False alarms can be a significant problem in highly available clusters of PostgreSQL. They can cause unnecessary downtime and disruptions that can impact the performance of the nodes. In this blog post, we will explore the causes, prevention, and resolution of false alarms in PostgreSQL clusters.

What Are False Alarms?

False alarms are situations where the monitoring tools for a PostgreSQL cluster report a problem, but in reality, there is no issue. False alarms can be triggered by a variety of factors, including transient network issues, temporary outages of nodes, and improperly configured monitoring tools.

The Impact of False Alarms in a Highly Available PostgreSQL Cluster

False alarms can be especially disruptive in highly available PostgreSQL clusters, where nodes are designed to take over each other’s workload in the event of a failure. A false alarm can trigger a failover, leading to unnecessary disruptions in the workload and potentially impacting the performance of the nodes.

Causes of False Alarms

There are several causes of false alarms in a highly available cluster of PostgreSQL, including:

  1. Incorrect Configuration: Monitoring tools must be properly configured and maintained to prevent false alarms. If thresholds are set too low or too high, it can result in false alarms.
  2. Network Issues: Network issues can also cause false alarms. Temporary network outages or network devices can lead to temporary connectivity issues that can trigger false alarms.
  3. Temporary outages: If a node experiences a temporary outage, it may trigger a false alarm, as the monitoring system may interpret it as a permanent failure.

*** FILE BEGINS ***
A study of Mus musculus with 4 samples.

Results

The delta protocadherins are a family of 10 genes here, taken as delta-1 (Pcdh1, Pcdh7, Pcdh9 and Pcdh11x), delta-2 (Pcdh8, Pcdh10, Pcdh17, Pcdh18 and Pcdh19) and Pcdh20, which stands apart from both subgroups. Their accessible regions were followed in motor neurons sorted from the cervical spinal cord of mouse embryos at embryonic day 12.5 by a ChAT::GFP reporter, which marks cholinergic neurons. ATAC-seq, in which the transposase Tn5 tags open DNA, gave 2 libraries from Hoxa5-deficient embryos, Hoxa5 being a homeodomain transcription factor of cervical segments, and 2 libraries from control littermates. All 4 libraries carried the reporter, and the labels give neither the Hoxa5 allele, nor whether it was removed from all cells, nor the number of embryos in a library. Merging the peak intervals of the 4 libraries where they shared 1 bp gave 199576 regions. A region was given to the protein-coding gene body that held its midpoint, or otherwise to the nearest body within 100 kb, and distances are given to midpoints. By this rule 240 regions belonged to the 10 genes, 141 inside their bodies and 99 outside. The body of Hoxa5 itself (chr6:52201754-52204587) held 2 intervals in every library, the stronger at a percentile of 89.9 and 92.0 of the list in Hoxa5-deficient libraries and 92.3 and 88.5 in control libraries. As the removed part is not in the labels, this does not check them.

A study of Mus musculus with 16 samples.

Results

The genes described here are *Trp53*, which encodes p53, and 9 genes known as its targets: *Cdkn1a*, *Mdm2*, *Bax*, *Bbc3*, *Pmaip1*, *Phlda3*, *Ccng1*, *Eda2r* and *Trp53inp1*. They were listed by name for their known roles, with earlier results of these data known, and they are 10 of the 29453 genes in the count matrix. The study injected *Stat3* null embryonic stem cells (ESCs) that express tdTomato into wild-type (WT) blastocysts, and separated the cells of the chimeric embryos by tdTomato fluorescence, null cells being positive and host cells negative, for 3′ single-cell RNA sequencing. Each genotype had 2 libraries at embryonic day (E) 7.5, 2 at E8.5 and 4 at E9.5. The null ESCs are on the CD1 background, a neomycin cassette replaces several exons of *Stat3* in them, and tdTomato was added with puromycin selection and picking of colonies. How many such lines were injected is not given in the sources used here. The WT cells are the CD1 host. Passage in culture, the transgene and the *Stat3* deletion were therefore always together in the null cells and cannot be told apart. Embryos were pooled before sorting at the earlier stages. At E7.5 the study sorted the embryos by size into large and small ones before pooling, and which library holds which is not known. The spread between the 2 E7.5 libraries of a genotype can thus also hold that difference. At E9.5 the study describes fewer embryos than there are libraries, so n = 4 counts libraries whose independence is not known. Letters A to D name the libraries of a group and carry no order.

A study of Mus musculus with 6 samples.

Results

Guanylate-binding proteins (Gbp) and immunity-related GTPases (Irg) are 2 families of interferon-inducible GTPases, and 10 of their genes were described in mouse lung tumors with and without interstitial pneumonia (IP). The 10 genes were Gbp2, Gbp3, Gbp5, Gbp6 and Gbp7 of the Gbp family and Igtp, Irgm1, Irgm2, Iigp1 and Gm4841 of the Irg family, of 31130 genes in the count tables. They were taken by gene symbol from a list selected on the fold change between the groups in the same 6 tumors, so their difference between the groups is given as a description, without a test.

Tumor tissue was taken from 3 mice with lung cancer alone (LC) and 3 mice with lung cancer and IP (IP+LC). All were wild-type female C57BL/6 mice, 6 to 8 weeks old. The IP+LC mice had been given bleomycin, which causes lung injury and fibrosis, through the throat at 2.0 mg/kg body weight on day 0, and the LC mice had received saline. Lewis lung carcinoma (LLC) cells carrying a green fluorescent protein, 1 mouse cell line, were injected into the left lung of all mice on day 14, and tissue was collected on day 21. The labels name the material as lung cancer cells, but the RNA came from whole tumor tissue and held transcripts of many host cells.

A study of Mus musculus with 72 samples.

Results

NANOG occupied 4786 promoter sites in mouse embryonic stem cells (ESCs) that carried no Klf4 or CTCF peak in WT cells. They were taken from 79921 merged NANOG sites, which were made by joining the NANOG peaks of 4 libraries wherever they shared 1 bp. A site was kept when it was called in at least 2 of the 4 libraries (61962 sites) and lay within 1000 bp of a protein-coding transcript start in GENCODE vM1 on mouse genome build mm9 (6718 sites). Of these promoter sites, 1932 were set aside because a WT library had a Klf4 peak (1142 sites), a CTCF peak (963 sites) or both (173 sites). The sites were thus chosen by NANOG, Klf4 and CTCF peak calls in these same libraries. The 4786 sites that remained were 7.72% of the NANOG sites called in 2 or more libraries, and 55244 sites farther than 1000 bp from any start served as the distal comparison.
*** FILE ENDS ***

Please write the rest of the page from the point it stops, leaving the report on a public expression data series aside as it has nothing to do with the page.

4. Hardware or Software Issues: Hardware or software issues can also trigger false alarms. These issues can include failing hardware, incompatible software, or bugs in the software.
  5. Human error: Human error, such as misconfiguring a node or failing to properly maintain the cluster, can also lead to false alarms.

Preventing False Alarms

To prevent false alarms, several steps can be taken, including:

  1. Proper Configuration: Monitoring tools should be properly configured with appropriate thresholds set to avoid false alarms.
  2. Regular Maintenance: Monitoring tools must be regularly maintained to ensure that they are up-to-date and functioning correctly.
  3. Test monitoring tools regularly: Regularly testing the monitoring tools can help to ensure that they are functioning correctly.
  4. Multiple Monitoring Tools: Using multiple monitoring tools can help cross-reference alerts and confirm that the reported issue is genuine. It can also aid in identifying the root cause of any issues.

Resolution of False Alarms

If a false alarm does occur, it is crucial to investigate the root cause of the issue to prevent it from happening again. The following steps can help in resolving false alarms:

  1. Check Logs: Check the logs of the cluster nodes, network devices, and other infrastructure components to identify any anomalies.
  2. Notify Stakeholders: Notify all stakeholders involved in the cluster’s operations to prevent any unnecessary action.
  3. Monitor Cluster Health: Monitor the cluster’s health closely to ensure that it is functioning correctly and no further false alarms are triggered.


False alarms can be disruptive in highly available clusters of PostgreSQL, but they can be prevented and resolved with the proper configuration and maintenance of monitoring tools. By using multiple monitoring tools and investigating the root cause of any false alarms, you can ensure the continued smooth operation of your PostgreSQL cluster.

A more abstract view of highly available PostgreSQL and its challenges is available in my previous blog: High availability made easy: A 100,000 ft view of auto failover in PostgreSQL.